Tree Trunk Roots Covered In Green Moss
tree roots
(Image credit: mrdoomits)

Moss does not have roots. It cannot take up water the way most other plants do and does not require soil to grow. Instead, moss most often grows on or adheres to other surfaces, such as rocks or tree bark. In some cases, it may even be found growing on rooftops or outdoor furniture. Stopping moss once it becomes a nuisance is sometimes necessary in order to prevent it from overtaking these objects or plants.

How to Prevent Moss

Getting rid of moss is simply a matter of prevention. One of the best ways to do this is to make your landscape unattractive to moss. There are several ways to accomplish this feat. First, decrease the amount of moisture content in the area. One way to do this is by increasing drainage patterns to direct moisture elsewhere. You should also try increasing the pH level in the soil. Adding lime or wood ashes will sweeten the soil, making it more alkaline. Moss dislikes this type of soil; thus, it will not be apt to grow on anything within that general area. Regular pruning can help prevent moss from growing on plants as well. It will also help increase the amount of light, which too, inhibits moss growth.

How to Get Rid of Moss: Physical Removal & Chemical Control

Physically removing moss is usually done in conjunction with chemical control. This helps increase the chances of success with eliminating moss, as killing moss may not prevent its re-emergence. While sulfate chemicals for killing moss are available, it's usually better for plants, as well as the environment, to use organically formulated sprays, if you must use them at all.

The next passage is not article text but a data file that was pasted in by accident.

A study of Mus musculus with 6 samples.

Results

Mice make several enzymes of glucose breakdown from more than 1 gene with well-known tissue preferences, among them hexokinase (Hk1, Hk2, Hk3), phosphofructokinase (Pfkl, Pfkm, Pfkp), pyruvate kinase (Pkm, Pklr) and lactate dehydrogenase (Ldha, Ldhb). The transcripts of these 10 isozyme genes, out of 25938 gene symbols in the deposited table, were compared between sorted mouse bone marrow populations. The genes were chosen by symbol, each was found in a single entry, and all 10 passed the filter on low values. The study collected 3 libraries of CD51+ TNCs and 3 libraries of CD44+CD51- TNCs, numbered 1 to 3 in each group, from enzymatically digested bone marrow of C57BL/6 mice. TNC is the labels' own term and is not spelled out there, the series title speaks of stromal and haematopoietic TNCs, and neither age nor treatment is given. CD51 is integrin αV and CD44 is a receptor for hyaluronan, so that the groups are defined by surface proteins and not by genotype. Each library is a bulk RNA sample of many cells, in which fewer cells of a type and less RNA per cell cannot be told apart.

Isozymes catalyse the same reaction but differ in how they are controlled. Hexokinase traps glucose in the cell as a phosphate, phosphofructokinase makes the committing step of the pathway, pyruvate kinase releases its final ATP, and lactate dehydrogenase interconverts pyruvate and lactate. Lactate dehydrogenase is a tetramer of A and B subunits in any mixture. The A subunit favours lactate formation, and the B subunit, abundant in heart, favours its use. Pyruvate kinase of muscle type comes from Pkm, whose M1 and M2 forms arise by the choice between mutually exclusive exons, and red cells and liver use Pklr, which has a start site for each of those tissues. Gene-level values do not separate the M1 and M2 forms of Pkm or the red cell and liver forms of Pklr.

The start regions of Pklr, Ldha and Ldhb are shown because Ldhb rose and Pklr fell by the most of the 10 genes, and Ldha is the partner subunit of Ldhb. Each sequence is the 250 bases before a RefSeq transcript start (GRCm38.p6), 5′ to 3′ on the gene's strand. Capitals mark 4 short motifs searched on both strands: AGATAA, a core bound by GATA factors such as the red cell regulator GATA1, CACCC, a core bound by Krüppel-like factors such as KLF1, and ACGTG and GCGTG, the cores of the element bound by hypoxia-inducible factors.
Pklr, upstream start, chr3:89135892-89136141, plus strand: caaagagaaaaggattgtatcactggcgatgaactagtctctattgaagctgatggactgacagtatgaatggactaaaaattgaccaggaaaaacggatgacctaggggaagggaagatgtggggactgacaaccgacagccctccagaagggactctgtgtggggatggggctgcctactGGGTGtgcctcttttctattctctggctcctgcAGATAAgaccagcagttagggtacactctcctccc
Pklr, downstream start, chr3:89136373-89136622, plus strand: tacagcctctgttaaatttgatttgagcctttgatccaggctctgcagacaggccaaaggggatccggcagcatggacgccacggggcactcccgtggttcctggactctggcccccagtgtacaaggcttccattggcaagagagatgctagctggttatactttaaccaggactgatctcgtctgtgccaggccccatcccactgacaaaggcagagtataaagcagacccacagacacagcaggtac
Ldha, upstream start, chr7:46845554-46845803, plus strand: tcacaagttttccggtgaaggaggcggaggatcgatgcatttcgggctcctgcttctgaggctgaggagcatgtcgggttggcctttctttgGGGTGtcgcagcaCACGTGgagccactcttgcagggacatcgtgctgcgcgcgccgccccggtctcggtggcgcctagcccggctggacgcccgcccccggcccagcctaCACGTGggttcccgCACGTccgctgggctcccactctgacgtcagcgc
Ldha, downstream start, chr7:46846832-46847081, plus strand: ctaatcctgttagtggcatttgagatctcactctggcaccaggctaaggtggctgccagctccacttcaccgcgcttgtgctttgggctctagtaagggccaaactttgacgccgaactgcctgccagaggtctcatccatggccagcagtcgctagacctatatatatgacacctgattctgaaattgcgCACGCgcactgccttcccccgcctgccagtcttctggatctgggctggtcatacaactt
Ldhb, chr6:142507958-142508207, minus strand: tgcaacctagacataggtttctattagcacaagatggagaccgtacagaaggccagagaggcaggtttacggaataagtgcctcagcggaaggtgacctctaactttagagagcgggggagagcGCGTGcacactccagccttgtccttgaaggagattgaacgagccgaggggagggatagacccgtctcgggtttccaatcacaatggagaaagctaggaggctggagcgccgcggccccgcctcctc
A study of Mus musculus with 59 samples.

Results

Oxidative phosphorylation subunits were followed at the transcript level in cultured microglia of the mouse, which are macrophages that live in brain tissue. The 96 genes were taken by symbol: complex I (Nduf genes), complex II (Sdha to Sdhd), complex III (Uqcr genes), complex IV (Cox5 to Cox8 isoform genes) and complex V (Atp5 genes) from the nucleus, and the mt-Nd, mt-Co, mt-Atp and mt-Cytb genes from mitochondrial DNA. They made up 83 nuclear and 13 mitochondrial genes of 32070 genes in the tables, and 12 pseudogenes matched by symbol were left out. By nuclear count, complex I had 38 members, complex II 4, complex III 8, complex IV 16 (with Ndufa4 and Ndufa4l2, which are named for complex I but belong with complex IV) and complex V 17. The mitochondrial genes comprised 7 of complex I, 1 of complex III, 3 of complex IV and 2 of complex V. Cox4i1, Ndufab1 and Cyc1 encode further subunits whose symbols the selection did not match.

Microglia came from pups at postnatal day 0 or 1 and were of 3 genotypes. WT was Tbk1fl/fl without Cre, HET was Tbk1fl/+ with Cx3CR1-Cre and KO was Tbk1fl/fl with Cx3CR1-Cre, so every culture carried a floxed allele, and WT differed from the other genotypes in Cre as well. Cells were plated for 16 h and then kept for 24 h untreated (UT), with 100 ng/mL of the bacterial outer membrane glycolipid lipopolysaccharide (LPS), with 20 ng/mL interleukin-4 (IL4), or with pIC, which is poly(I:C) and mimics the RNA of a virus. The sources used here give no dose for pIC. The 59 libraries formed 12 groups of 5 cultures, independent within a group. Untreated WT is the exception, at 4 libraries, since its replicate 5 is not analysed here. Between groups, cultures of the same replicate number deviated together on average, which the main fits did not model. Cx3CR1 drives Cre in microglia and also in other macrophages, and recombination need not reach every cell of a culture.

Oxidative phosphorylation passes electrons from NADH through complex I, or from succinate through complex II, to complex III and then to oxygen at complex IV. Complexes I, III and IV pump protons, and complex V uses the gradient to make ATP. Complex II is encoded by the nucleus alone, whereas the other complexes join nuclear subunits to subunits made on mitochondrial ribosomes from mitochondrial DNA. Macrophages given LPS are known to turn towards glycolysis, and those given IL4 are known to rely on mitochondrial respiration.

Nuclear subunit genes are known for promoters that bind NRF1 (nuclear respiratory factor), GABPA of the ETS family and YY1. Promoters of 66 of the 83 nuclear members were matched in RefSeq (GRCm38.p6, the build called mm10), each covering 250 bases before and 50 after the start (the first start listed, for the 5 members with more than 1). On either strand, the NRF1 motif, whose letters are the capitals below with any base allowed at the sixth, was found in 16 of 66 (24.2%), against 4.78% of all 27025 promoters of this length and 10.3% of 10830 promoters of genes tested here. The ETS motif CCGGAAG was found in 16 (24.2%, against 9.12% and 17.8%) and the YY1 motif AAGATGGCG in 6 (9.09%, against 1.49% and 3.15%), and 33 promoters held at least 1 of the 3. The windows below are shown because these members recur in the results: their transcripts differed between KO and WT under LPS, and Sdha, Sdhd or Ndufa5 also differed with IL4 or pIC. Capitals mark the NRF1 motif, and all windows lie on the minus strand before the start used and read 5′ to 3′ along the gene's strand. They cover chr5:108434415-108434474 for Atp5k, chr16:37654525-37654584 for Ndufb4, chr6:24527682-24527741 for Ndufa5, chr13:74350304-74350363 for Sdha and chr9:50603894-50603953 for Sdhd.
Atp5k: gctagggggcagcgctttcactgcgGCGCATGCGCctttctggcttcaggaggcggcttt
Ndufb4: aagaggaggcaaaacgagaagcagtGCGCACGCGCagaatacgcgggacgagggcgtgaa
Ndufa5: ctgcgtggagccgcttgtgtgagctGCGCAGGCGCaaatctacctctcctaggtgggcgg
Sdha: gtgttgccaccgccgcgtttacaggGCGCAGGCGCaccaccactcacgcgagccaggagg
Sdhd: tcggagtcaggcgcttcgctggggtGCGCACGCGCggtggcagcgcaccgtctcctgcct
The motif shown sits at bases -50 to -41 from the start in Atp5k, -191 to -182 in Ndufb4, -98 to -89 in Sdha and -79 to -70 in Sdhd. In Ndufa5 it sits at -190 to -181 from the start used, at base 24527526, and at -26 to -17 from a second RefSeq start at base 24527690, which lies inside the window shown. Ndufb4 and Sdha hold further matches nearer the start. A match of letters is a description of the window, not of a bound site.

How to Stop Moss on Plants

Trees usually provide the ideal conditions for moss growth: shade, moisture, and limited airflow. This is especially true of deciduous trees and shrubs, as they have less acidic bark, making them more susceptible to moss growth. While the most common way to remove moss from trees and other plants is by physical removal, it doesn't prevent future growth. Therefore, you should continue to practice prevention methods once the moss has been removed. The best time to remove moss from plants is during their winter dormancy, as this lessens the risk of damage. Also, pruning may be required. This not only is good for getting rid of moss, but it will help eliminate moisture buildup, encourage additional light, and improve air circulation. You may want to consider spraying the affected plants with organic or copper-based fungicide as well. When it comes to stopping moss from growing on plants or other surfaces, knowing how to prevent moss growth is important. Once you rid the landscape of the ideal conditions for its growth, how to stop moss on plants and other structures should not become a problem.

Nikki Tilley
Senior Editor

Nikki Tilley has been gardening for nearly three decades. The former Senior Editor and Archivist of Gardening Know How, Nikki has also authored six gardening books.